WASHINGTON - The Bush administration is focusing on a Social Security proposal that would allow younger workers to invest nearly two-thirds of their payroll taxes in private accounts, with contributions limited to about $1,000 to $1,300 a year, an administration official said Tuesday.
A proposal is expected to be unveiled in late February. But the White House cautioned that President Bush has not decided on a specific plan.
The administration official, who spoke on condition of anonymity, said the size of the private accounts could be similar to a proposal by Sen. Lindsey Graham, R-S.C., and a plan from Bush's 2001 Social Security commission.
Both plans let workers divert 4 percentage points of their 6.2 percentage points in payroll taxes into accounts. The federal 12.4 percent payroll tax is split between workers and employers. Workers' remaining 2.2 percentage points in taxes continue going into the system.
Graham's plan calls for annual contributions to be capped at $1,300, while the commission proposed a lower limit of $1,000.
Bush "has not endorsed any specific proposal," said White House spokesman Scott McClellan. "We are looking at a number of ideas for strengthening Social Security and will continue working closely with congressional leaders to move forward in a bipartisan way to get it done this year."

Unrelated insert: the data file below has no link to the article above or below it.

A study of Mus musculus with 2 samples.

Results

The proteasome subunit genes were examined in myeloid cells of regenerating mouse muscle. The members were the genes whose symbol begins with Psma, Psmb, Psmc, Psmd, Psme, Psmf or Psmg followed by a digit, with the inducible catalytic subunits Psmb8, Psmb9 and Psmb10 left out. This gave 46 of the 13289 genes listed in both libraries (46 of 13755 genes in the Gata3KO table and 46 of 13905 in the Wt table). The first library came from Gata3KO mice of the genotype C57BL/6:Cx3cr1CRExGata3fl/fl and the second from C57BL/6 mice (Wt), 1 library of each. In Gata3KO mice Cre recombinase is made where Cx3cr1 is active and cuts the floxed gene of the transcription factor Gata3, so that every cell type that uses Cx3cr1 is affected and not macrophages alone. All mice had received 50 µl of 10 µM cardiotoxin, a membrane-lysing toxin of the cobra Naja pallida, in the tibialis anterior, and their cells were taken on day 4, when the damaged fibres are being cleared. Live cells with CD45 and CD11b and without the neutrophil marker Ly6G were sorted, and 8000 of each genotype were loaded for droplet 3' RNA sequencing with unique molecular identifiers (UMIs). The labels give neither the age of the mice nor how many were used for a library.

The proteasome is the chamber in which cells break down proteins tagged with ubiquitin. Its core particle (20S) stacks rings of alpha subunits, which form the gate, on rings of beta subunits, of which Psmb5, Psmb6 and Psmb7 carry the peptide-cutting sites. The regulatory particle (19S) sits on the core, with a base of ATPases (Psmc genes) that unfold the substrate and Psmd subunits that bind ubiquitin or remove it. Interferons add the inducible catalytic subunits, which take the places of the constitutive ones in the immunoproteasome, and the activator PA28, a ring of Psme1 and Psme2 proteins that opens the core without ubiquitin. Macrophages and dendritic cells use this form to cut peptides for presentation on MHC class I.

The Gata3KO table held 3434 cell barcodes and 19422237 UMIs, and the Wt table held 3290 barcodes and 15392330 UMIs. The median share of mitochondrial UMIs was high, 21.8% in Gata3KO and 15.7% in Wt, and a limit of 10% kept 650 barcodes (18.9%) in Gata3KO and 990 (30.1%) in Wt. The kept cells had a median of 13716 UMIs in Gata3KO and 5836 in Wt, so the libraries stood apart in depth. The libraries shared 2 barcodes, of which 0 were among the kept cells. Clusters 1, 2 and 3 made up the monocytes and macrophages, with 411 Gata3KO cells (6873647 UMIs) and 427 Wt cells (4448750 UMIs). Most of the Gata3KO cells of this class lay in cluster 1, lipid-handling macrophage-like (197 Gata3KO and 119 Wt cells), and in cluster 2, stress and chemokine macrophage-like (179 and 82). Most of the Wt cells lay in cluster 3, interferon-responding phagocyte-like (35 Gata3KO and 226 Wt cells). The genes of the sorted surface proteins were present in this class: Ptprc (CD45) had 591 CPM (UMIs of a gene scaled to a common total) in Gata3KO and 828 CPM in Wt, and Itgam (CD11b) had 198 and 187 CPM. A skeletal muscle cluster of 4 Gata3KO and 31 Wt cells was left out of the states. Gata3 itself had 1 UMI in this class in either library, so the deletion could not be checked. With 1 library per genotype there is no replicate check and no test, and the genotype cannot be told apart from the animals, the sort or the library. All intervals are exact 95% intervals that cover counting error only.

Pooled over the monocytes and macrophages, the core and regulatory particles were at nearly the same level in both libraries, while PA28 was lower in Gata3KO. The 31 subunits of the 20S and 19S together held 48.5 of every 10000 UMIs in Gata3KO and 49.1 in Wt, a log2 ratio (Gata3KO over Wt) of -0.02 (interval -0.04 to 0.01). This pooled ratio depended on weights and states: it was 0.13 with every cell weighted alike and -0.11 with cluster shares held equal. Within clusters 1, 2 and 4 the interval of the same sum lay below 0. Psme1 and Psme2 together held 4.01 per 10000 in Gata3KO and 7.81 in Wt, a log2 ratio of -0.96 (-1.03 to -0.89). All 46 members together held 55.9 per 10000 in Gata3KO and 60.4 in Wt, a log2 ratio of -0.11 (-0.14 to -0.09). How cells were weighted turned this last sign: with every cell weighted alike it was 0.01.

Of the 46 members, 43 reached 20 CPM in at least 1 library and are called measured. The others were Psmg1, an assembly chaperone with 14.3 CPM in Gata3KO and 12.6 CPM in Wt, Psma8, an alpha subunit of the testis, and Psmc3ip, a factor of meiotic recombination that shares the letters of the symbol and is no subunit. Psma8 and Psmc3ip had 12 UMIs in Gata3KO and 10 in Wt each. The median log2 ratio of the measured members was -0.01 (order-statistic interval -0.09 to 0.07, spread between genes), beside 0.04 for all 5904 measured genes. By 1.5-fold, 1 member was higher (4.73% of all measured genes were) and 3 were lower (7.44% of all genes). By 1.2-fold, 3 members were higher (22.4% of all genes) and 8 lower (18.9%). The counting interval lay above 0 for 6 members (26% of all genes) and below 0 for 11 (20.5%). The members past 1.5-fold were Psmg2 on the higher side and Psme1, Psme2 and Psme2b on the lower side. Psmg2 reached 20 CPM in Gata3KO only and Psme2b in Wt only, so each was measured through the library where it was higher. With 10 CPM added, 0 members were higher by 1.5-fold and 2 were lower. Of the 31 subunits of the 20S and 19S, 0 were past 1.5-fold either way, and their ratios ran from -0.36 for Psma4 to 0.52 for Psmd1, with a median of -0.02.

To sell the idea of a Social Security overhaul - and private investment accounts - the administration plans to duplicate its campaign for tax cuts. At an event planned for Monday, Bush will meet with White House-approved people of varying ages to illustrate how changes to Social Security would affect different generations.
The strategy is similar to Bush's efforts to gain support for his tax cut packages by featuring "tax families" and their financial situations.
"That's the model," said Michael Tanner, director of the Cato Institute's Project on Social Security Choice. The libertarian think tank has been a longtime proponent of investment accounts, and is pressing for larger accounts by letting workers invest all of their payroll taxes.
"This is the way the president tends to campaign on these issues," Tanner said, noting similar strategies for Bush's Medicare and education plans. "He hasn't lost one he wanted to win yet."
Cabinet officials are stepping up their roles in the effort. Treasury Secretary John Snow, Labor Secretary Elaine Chao and others can be expected to visit communities across the country to bolster the administration's desire for change.
Selling the overhaul "is more of a challenge than they expected," said David John, Social Security senior analyst at the conservative Heritage Foundation. The administration needs to make the case for urgent reform, countering Democrats' claims that the severity of the future shortfall is being exaggerated, he said.